By Bill Britt
Alabama Political Reporter
If you’ve lost a loved one to drug abuse, as I have, anger and sadness might color your resolve to fight a war against a substance, rather than address the causes that drive someone into the arms of darkness.
We have been told by the President of the United States and the US Attorney General that there is an opioid epidemic and that war has been declared against it. But, we are ignoring the factors that lead to its use.
For decades, the government has engaged in a failed effort to attack the “supply-side” of the drug trade, while turning a blind eye to the real problem.
This week, Gov. Kay Ivey signed an Executive Order to create the Alabama Opioid Overdose and Addiction Council. Ivey said in a statement, “We must find ways to curtail this crisis in Alabama. I look forward to reviewing the Council’s recommendations for strategies to reduce the number of deaths and other effects caused by opioid misuse in our state.”
Gov. Ivey is right that we must find ways to curtail the crisis, but how we address it will be crucial to any hope for success.
Prescription opioids like Vicodin, Percocet and OxyContin are now so-called gateway drugs. And while the use of prescription opioid has decreased (just as the government found it a problem) deaths from narcotics such as heroin and fentanyl are rising.
All of these drugs have one thing in common: they dull the perception of pain, physically, mentally, and emotionally.
The President, during an August address to Congress, gave his thoughts on the proliferation of drug use and illegal distribution saying, “We must set realistic objectives, giving our foremost attention domestically to those drugs that pose the greatest threat to health, and to our ability to reduce crime. Since heroin, barbiturates and other sedative/hypnotic drugs account for 90 percent of the deaths from drug abuse, they should receive our principal emphasis.”
Sounds relevant? It was President Jimmy Carter who spoke those words on August 2, 1977, almost 40 years to the date.
It is abundantly apparent the endless war on drugs is a failure because the government is attacking a thing and not confronting the very human problems.
Yet, it now seems inevitable that we will engage in another costly “War on Drugs” while ignoring mental illness, poverty, and the other causes of drug use.
A border wall is one proposal from the current administration to stop illegal opioids from entering the country. But a wall between Mexico and the United States will be about as effective in stopping drug trafficking as The Maginot Line was in stopping German hordes during The Battle of France.
Many individuals who once depended on a doctors prescription for opioids have turned to street drugs like heroin because it is “cheaper” and “easier to find” despite the legal problems not associated with prescription opioids.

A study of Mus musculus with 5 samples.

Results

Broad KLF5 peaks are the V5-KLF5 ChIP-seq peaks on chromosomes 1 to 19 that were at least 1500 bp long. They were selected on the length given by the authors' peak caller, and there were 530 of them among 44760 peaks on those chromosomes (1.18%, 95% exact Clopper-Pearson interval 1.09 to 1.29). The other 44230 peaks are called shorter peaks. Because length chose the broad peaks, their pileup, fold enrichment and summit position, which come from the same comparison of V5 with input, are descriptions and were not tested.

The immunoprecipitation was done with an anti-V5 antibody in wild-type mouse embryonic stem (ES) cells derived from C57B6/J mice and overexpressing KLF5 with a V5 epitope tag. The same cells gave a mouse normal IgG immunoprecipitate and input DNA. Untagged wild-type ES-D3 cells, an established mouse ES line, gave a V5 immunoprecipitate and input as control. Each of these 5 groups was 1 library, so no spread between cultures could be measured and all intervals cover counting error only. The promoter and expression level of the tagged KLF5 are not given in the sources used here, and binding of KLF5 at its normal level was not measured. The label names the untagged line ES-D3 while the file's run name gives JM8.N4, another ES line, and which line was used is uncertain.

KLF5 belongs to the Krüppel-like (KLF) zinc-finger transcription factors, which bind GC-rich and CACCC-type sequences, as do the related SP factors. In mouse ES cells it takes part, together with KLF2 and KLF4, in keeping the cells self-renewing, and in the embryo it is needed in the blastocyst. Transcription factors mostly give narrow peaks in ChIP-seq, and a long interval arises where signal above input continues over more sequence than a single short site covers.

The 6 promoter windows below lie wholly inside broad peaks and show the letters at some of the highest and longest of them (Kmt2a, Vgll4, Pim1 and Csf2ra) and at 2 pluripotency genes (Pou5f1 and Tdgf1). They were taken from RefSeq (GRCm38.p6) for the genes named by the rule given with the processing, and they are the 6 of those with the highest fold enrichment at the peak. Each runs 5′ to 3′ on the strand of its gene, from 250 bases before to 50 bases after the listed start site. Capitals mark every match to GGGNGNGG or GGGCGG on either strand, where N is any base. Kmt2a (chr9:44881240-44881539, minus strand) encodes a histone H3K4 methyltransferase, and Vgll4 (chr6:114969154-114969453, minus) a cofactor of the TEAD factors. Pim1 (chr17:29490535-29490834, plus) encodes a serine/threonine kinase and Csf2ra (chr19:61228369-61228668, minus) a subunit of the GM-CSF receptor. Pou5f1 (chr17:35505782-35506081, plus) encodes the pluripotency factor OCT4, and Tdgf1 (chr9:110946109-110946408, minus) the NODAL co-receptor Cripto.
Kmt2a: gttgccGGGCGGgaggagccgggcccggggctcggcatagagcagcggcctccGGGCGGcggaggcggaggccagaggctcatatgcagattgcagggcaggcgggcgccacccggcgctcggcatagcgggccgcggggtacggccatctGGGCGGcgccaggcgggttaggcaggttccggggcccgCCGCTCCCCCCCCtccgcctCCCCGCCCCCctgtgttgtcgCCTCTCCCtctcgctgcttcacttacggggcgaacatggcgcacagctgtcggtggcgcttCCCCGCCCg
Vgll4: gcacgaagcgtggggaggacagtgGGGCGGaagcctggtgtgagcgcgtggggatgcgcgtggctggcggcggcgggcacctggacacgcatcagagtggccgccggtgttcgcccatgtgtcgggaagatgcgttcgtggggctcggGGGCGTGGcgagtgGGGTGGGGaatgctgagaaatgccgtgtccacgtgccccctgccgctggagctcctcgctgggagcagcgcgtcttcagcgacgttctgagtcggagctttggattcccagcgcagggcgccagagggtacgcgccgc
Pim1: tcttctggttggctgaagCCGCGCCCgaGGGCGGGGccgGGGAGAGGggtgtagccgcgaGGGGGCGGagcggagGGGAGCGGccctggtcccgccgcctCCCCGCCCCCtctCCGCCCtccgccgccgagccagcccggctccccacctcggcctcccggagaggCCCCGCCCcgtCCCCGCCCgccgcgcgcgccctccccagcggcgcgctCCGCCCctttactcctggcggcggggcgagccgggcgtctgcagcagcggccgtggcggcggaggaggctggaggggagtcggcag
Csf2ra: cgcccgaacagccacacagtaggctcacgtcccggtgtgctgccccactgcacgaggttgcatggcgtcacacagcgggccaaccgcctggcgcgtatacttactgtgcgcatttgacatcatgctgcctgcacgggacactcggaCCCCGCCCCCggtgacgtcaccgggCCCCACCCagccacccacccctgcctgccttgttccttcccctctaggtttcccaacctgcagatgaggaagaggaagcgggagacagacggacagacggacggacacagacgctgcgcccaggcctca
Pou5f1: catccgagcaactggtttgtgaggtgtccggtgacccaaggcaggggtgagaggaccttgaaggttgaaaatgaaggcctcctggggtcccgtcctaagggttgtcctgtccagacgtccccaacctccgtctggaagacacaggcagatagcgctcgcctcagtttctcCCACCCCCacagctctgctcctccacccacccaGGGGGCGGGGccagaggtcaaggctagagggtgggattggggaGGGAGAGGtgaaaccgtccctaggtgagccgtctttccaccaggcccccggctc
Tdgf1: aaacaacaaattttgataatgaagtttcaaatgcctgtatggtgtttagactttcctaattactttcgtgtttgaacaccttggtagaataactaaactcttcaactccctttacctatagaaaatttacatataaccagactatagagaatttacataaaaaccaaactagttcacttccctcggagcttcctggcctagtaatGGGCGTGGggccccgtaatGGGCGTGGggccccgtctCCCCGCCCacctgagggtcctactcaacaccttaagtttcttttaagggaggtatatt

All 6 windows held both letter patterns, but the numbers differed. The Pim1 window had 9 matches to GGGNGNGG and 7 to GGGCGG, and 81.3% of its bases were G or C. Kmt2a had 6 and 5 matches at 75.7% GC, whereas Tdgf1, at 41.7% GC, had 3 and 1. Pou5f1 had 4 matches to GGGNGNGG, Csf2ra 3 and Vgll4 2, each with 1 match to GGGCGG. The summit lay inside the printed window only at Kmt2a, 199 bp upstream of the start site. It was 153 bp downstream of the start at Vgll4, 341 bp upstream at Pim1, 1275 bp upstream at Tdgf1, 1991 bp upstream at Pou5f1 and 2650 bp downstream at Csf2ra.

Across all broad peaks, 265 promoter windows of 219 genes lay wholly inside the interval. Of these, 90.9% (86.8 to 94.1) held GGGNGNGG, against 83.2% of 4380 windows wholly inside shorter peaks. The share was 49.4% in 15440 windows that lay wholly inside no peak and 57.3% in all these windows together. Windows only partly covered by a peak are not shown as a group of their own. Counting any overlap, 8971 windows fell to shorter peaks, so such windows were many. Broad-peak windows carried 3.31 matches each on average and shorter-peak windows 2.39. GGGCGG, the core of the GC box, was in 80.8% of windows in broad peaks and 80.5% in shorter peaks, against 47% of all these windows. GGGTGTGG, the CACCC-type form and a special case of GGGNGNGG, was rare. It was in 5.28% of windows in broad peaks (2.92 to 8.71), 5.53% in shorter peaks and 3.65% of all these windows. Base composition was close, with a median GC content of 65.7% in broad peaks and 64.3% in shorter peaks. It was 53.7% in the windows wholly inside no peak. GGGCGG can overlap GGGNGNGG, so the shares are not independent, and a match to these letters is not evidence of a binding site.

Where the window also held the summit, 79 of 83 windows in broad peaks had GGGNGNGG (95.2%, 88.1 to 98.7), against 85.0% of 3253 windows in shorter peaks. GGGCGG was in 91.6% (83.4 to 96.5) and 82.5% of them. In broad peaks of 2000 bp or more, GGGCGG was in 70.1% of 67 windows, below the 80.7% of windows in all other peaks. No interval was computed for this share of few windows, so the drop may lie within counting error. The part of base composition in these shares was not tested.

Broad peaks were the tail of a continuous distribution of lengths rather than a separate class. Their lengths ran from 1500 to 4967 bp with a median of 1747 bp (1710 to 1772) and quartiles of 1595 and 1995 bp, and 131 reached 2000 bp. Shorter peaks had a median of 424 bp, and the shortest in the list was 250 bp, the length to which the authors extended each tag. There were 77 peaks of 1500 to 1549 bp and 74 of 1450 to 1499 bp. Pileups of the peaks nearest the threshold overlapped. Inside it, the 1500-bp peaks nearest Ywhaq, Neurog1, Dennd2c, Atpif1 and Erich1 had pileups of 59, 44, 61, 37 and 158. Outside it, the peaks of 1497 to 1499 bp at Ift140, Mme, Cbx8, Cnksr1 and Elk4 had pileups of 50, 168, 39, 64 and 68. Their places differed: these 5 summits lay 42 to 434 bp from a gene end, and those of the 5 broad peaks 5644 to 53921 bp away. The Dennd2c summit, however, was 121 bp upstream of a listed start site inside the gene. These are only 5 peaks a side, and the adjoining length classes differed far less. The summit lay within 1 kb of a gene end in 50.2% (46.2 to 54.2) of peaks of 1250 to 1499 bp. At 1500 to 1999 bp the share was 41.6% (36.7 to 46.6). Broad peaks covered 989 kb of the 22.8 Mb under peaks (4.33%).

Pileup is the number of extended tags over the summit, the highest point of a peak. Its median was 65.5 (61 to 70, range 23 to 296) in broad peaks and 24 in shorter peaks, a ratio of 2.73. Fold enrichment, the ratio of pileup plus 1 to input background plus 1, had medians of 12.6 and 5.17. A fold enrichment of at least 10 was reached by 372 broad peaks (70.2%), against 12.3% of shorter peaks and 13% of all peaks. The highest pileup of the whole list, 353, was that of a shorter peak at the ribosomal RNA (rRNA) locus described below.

Perhaps Wal Mart and CVS are better suppliers of painkillers than street gangs or cartels.
Four decades after Carter’s address, bold headlines like, “STAT Forecast: Opioids could kill nearly 500,000 Americans in the next decade” are rallying lawmakers and law enforcement officers to act. But what action? To what end?
Attacking a substance will never stop what drives an individual to drug abuse, nor will it cure the ills that father such madness. Perhaps more alarming in this new fight against substance abuse is that lawyers stand to personally profit by suing drug manufacturers as they did in the 1990s with tobacco makers.
Multiple states are pursuing litigation that targets big pharma just as they did big tobacco. Is this the best means of stemming a tide of substance abuse that may already be in decline or is this something else?
Lawyers see big profits from a renewed war on drugs as do state lawmakers. Law enforcement enabled by Legislators to fight one more war on drugs is folly and a futile remedy which may be worse than the cure.
In Alabama, thousands of good paying jobs go unfilled because the applicant can’t pass a drug test. It is also a fact that many can’t fill out the job applications because they can’t read or spell. Is there a cause and effect here?
Lack of education, poverty, and little hope for gainful employment are soul killers.
Many times, the quiet agony of living a life void of purpose is filled with the escape provided by an alluring chemical. Similarly, physical pain, real or imagined, cries out for simple relief. Few families avoid the disruptions and heartache caused by loved one who turns to substance abuse.
My older brother Tony’s wife (his “high school sweetheart”) found him lifeless in their bed with a syringe in his arm, dead at 29 years old. On a bright Carolina blue morning, I said the last words over my brother’s coffin. My mother’s pale green eyes, glistening in the sun without tears, watched as her first born was lowered into the ground never to see his face again.
A lethal mixture of heroin and cocaine was the compound, but eradicating opioids from the earth would not have saved his life because he would have founds another escape from a life he found unbearable. Could he have been saved by other means? We will never know.
My mother, rarely if ever, spoke of my brother’s death. But what she did talk about often was how it is our responsibility to tackle the hard things, not to avoid doing what’s right, even if it is difficult.
In one of our last conversations before her passing, she said to me as she had many times before, “It’s easy to do nothing, it’s is easy to do what is convenient. But life is not about what is easy or convenient. It is about making a difference.”
Drug abuse is a horrible thing but nipping around the edges of a problem while ignoring mental illness, poverty and a lack of education is not an answer it is what is easy and convenient.
Gov. Ivey is not known for taking the easy way out. Hopefully, she will continue on that path when it comes to finding a prescription for our present opioid problem.